NYT readers were no doubt disturbed to see a column in  which former Fed Reserve Board chair Ben Bernanke, Obama Treasury Secretary Timothy Geithner, and Bush Treasury Secretary Henry Paulson patted themselves on the back for their performance in the financial crisis. First, as they acknowledge in the piece, all three completely failed to see the crisis coming.

During the years when house prices were getting way out of line with both their long-term trend and rents, Bernanke was a Fed governor, then head of the Council of Economic Advisers, and then Fed chair. He openly dismissed the idea that the run-up in house prices could pose any threat to the economy. Henry Paulson was at Goldman Sachs until he became Treasury Secretary in the middle of 2006. As the bank’s CEO he was personally profiting from the bubble as the bank played a central role in securitizing mortgage backed securities. Timothy Geithner was president of the New York Fed, where he was paid over $400,000 a year to make sure that the Wall Street banks were not taking on excessive risk.

It is bad enough that these three didn’t see the crisis coming, but they still seem utterly clueless. They tell readers:

“Productivity growth was slowing, wages were stagnating, and the share of Americans who were working was shrinking. That put pressure on family incomes even as inequality rose and upward social mobility declined. The desire to maintain relative living standards no doubt contributed to a surge in household borrowing before the crisis.”

Actually productivty growth didn’t begin to slow until 2006, as the bubble was hitting its peak. Growth was quite strong from 2000 to 2005, which means the cause of wage stagnation in those years must lie elsewhere. (If they had access to government trade data they might think the explosion of the trade deficit to 6.0 percent of GDP played a role.) The surge in borrowing clearly preceded the productivity slowdown as could be seen from the plunge in savings rates or reading the papers celebrating people pulling equity out of their homes by some guy named Alan Greenspan.

And then they tell us what a great job they did. After describing how they saved the Wall Street banks from collapsing from their own greed and incompetence (not in those words), they tell us:

“Policymakers certainly didn’t get everything right. But compared to most other countries, America’s post-2008 recovery started sooner, was completed faster and was built on healthier foundations.”

That claim is not at all clear from the data. If we look at wage growth, the story is far from impressive, as shown below.

Real Average Hourly Wage

real wage

Source: Bureau of Labor Statistics.

The real hourly wage peaked in the pre-crisis period at $10.15 an hour in November of 2006. In July of 2014, almost eight years later, the average hourly wage stood at $10.31, just 1.5 percent higher. That is not much to celebrate.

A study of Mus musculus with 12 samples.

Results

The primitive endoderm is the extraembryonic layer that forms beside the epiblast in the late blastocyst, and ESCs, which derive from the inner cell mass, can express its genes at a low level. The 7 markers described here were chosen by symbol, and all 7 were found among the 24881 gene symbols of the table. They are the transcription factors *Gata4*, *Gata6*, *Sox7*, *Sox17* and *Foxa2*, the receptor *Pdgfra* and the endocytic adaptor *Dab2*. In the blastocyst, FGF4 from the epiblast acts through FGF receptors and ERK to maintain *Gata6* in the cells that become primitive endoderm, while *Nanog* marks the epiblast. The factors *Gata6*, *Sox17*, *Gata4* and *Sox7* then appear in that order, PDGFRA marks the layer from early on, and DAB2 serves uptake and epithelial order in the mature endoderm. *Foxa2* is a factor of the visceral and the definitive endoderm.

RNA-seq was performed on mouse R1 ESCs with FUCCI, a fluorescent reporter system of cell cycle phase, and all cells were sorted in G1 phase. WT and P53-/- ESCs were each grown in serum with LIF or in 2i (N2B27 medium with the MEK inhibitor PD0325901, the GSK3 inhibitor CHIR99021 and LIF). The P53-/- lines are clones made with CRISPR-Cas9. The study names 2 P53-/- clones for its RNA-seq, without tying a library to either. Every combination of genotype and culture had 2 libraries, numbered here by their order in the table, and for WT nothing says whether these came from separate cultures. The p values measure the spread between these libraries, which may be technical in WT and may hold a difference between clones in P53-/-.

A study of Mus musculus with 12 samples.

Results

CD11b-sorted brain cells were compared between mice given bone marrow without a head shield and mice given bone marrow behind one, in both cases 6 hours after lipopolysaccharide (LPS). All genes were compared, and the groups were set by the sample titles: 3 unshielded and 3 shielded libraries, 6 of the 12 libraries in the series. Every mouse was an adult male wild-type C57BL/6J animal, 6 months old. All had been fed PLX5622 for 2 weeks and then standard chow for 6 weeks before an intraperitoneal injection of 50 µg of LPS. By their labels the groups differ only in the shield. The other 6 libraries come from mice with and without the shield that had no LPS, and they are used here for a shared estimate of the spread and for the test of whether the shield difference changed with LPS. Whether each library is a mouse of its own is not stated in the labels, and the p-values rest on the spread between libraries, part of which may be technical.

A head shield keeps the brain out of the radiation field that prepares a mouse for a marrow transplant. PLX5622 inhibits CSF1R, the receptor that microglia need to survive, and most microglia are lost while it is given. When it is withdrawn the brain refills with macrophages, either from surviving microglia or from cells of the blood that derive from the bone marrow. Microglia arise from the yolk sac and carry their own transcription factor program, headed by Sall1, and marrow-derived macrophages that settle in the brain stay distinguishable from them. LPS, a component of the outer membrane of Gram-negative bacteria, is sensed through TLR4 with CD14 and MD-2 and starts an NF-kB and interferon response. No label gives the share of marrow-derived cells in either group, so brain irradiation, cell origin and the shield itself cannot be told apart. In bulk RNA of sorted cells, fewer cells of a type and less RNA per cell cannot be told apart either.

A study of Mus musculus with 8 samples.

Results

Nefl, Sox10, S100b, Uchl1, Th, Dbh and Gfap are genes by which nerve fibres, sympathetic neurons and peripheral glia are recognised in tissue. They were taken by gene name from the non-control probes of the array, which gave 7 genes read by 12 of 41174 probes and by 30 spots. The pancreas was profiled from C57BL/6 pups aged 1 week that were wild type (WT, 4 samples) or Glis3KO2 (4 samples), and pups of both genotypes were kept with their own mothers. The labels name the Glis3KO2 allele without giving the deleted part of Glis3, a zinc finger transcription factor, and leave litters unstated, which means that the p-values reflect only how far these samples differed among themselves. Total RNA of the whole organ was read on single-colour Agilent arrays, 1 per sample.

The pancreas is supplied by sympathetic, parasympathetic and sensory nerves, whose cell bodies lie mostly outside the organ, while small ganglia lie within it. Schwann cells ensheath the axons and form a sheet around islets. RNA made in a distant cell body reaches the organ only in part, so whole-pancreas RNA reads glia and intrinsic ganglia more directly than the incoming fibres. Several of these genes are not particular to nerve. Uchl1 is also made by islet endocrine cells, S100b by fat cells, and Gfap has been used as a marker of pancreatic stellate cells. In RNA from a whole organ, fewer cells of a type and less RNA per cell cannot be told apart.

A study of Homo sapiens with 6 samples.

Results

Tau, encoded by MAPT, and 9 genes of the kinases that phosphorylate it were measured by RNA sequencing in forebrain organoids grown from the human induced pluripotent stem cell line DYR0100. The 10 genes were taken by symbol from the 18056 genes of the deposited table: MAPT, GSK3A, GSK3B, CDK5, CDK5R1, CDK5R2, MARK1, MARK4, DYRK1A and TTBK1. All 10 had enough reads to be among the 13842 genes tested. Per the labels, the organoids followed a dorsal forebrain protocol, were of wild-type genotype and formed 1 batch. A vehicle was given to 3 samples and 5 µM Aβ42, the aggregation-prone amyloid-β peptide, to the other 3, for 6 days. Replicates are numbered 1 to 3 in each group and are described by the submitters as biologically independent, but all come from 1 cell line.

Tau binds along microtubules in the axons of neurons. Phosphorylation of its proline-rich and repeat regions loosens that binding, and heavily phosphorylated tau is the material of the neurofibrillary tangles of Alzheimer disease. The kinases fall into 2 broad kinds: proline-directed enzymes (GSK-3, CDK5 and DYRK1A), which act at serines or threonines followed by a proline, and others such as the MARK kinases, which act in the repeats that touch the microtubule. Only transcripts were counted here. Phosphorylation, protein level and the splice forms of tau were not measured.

The story on employment looks even worse. The prime age (ages 25 to 54) employment to population rate (EPOP) peaked at 80.1 percent in the first quarter of 2007. It dropped as low as 75.0 percent and was still below 76 percent as late as the third quarter of 2013. By comparison, the EPOP for prime age workers fell by just 1.4 percentage points in Canada and by the third quarter of 2013 it was just 0.6 percentage points below its pre-recession peak. In Australia the EPOP was 1.3 percentage points below its pre-recession peak by the third quarter of 2013. In Germany it was 2.7 percentage points hgher than its pre-recession peak in the third quarter of 2013. It’s true that the U.S. has done better by most measures that Italy, Spain, and Greece, but that is not much of a boast.

The policies put in place also failed to protect homeowners, many of whom were both underwater in their mortgages and unemployed due to the recession. As a result, the homeownership rate fell from a peak of 69.4 percent in 2004 to a low of 63.0 percent in 2016. This is a rate not seen since the 1970s. It actually looks considerably worse when adjusting for the much older age of the population in 2016. There were alternatives that likely would have kept more people in their homes (such as giving underwater homeowners the right to stay in their home as renters), but this clearly was not as big a priority as rescuing the Wall Street banks.

Anyhow, it is good to see this trio warning about Republican efforts to once again weaken regulation of the financial industry, but it would be nice to see them take more responsibility for the incredibly serious failure that ruined millions of lives. Needless to say, all three of them are doing quite well financially.

This column originally appeared on Dean Baker’s Beat the Press blog.

More articles by:

Dean Baker is the senior economist at the Center for Economic and Policy Research in Washington, DC.